Seniors’ tattoos expressing the important motivations, realities of life

The story behind their ink


Zac Johnson ’18

Josie Lagerstrom, Co-Editor-in-Cheif

For seniors Zac Johnson ‘18, Lucy Graham ‘18, Max Owens ‘18, and Abbie Nelson ‘18, getting “inked” was not a decision made lightly. Tattoos, legal at the age of 18, and the more recent minimalist tattoos have started trending among young adults.

Johnson has two tattoos, one of the Great Seal of the United States on his bicep and the other of XC – X on his right forearm. The Great Seal tattoo is representing his love of the United States and the opportunities he has had as an American citizen and his forearm tattoo is representing the quote “Life is 10% of what happens to you, and 90% how you react.” Graham has one tattoo of a semicolon on the side of her wrist representing the Semicolon Project, a symbol of mental health awareness and prevention for suicide. Owens has two tattoos, one of a mountain range against a sunset on his wrist, and one of a compass on his left shoulder, each representing his love of nature and “whenever you are somewhere you need a compass you will always have one even if it isn’t literal.” Finally, Nelson has a blood drop tattoo on her back made up of thirteen dots, representing the organization Beyond Type 1, and Nelson’s diagnosis as a Type 1 diabetic at age thirteen.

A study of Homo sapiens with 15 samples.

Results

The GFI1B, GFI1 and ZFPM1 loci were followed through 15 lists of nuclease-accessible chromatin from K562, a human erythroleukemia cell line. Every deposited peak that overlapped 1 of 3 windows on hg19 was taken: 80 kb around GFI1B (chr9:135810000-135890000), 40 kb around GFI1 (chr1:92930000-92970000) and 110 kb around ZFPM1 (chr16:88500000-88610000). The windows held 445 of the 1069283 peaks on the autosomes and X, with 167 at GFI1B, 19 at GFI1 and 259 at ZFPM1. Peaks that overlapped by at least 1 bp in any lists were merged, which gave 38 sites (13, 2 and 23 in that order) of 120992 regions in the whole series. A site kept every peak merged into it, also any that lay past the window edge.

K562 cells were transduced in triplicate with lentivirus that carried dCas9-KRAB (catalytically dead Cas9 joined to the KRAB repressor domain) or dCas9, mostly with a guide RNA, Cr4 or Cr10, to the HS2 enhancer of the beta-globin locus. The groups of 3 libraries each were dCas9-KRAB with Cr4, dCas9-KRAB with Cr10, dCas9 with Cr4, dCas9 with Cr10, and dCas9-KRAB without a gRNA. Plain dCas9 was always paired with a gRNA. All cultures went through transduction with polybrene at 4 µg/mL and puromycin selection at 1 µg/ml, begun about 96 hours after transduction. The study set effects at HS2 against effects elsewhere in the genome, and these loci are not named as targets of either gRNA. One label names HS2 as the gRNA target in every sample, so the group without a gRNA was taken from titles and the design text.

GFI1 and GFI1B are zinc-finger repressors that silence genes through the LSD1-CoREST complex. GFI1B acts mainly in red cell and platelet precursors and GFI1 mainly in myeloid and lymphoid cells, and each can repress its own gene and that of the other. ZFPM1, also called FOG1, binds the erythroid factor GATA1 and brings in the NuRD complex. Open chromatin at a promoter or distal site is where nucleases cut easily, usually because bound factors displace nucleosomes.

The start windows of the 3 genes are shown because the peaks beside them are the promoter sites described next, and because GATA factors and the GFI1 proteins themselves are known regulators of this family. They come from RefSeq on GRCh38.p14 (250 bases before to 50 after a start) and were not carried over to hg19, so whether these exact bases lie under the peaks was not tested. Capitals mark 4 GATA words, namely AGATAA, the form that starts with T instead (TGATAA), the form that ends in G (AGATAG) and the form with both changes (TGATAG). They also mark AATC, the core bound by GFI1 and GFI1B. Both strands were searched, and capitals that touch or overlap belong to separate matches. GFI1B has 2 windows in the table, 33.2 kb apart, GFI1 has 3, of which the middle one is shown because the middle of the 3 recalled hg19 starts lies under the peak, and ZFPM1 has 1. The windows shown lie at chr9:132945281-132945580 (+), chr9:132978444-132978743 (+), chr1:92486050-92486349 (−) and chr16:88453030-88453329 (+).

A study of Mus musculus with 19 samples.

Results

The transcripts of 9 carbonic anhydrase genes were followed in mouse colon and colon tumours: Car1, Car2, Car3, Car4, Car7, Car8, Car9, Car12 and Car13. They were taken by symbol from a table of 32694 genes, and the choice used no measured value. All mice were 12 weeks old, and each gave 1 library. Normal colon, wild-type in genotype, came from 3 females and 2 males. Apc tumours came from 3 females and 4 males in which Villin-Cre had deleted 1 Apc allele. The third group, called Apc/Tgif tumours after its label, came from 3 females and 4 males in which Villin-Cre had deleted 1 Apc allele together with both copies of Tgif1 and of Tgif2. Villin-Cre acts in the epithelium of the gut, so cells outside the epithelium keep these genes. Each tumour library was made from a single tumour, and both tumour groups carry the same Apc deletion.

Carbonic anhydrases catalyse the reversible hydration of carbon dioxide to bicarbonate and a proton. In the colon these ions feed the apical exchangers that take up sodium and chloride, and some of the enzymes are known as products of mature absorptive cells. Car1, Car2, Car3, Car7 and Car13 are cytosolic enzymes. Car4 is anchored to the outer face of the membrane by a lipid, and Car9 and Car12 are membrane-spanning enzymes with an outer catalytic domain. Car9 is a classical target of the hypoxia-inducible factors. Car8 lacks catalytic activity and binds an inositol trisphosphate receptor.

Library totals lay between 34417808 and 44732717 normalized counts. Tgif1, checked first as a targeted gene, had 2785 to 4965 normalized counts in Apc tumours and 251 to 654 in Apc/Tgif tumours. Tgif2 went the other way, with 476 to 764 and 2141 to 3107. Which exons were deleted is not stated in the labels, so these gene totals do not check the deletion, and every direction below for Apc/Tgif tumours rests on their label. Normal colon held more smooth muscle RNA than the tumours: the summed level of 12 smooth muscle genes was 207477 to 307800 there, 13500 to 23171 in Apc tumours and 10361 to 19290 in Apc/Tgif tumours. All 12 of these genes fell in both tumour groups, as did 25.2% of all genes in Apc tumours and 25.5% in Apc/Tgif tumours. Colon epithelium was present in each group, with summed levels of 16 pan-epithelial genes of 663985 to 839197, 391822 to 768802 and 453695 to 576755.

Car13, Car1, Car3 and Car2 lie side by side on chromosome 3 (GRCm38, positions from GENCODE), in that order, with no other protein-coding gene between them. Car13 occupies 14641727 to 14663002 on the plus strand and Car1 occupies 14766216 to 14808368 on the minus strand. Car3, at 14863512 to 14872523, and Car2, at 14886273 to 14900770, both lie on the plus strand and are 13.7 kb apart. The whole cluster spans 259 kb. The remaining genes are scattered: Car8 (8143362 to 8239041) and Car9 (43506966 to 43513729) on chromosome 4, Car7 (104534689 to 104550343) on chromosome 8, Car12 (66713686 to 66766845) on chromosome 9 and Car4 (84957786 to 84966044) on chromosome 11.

The normal stereotype of a getting a tattoo is that of impulsion, but for each senior, thought and time went into each of their tattoos. Johnson said “My mom drew up the design and put it around my room so I could familiarize myself with it and make sure that it was something I wanted to look at everyday.” Johnson spent two years with his mother’s design before deciding to get the tattoo on his arm.

The permanence of the tattoo sparks inspiration for these seniors, with Graham saying “The fact that it is always there is motivation to me to keep this reminder with me forever” and Nelson commenting that, “I am definitely glad that it has a meaning behind it, and it is something that is never going to go away.”

Getting tattoos is also way to express important realities of life, and important motivations to live by. Owens commented that getting a tattoo “opens a new door to creativity and thinking about what represents you as a person, and these are visual representations of who you are and how you want people to see you.”

Skeptics exist, and tattoos are sometimes looked down upon. To this, Owens says, “Sure, there are people who love to say ‘you’re not going to like this down the road’ but it is my body and it is something that holds significance to me and I put a lot of thought into this.” And, as Nelson says, “I’ll never regret it.”